Thursday, April 22, 2004

Flotsam of the Streets

Flotsam of the Streets

An evening of heavy downpour created havoc with the Jakarta traffic. With some difficulty I managed to get a taxi back to my hotel in Tanah Abang. I was lucky that I was heading north from the business district, those going south towards places like Pondok Indah, Kemang and Bintaro--the PJs and Bangsars of Jakarta--are probably still trapped on the road.

Here in the comfort of my room, I could see from my window, red points of lights, like flotsam in a river of darkness, oozing their way slowly through the mazy streets of Jakarta. It must be very bad, for I could hear horns blaring incessantly. One of my Indonesian friends who have been to KL before joked that taxi drivers there should undergo training in Jakarta first--to learn patience and to see what a real traffic jam is like.

The first thing I noticed when I first arrived in Jakarta is that, you can never find a spot in the city that is devoid of people. There are everywhere, in every nook and corner, and at any time of the day--peddlers, beggars, ojeks, musicians, vagrants--there are always there in the streets. Some just loiter around doing nothing--that good old-fashioned practice called nongkrong.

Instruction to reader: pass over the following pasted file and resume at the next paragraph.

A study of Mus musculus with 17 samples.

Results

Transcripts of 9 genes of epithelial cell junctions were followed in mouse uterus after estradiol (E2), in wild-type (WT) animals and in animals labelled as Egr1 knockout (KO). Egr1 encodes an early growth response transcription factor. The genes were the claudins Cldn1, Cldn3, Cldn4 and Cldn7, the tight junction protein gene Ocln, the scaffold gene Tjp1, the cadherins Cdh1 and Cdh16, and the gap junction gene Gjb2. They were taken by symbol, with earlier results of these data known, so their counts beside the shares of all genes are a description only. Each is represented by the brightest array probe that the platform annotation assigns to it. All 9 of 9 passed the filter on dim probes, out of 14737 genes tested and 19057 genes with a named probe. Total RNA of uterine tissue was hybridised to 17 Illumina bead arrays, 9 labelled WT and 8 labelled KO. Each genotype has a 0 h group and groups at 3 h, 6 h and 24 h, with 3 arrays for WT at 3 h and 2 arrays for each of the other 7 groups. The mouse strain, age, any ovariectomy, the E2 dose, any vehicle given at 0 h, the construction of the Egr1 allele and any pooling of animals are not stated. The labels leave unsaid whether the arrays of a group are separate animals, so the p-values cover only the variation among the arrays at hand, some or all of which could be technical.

It is common here for middleclass families here to hire chauffeurs to drive them around. Every building basement here has a congregation place, furnished with benches and sometimes equipped with a TV, for drivers to laze around while waiting for their employers. There too you will find cigarette and food vendors, serving the needs of these drivers. Even down in a dingy basement, there's a thriving community!

I read somewhere in the papers that the city authorities routinely pick up dead bodies from the streets, like garbage. I am not surprised, so many of these people spend their whole lives in the streets. And in the end, they die there too, to be swept away, like the debris and flotsam that gets flushed down the canals everytime it pours.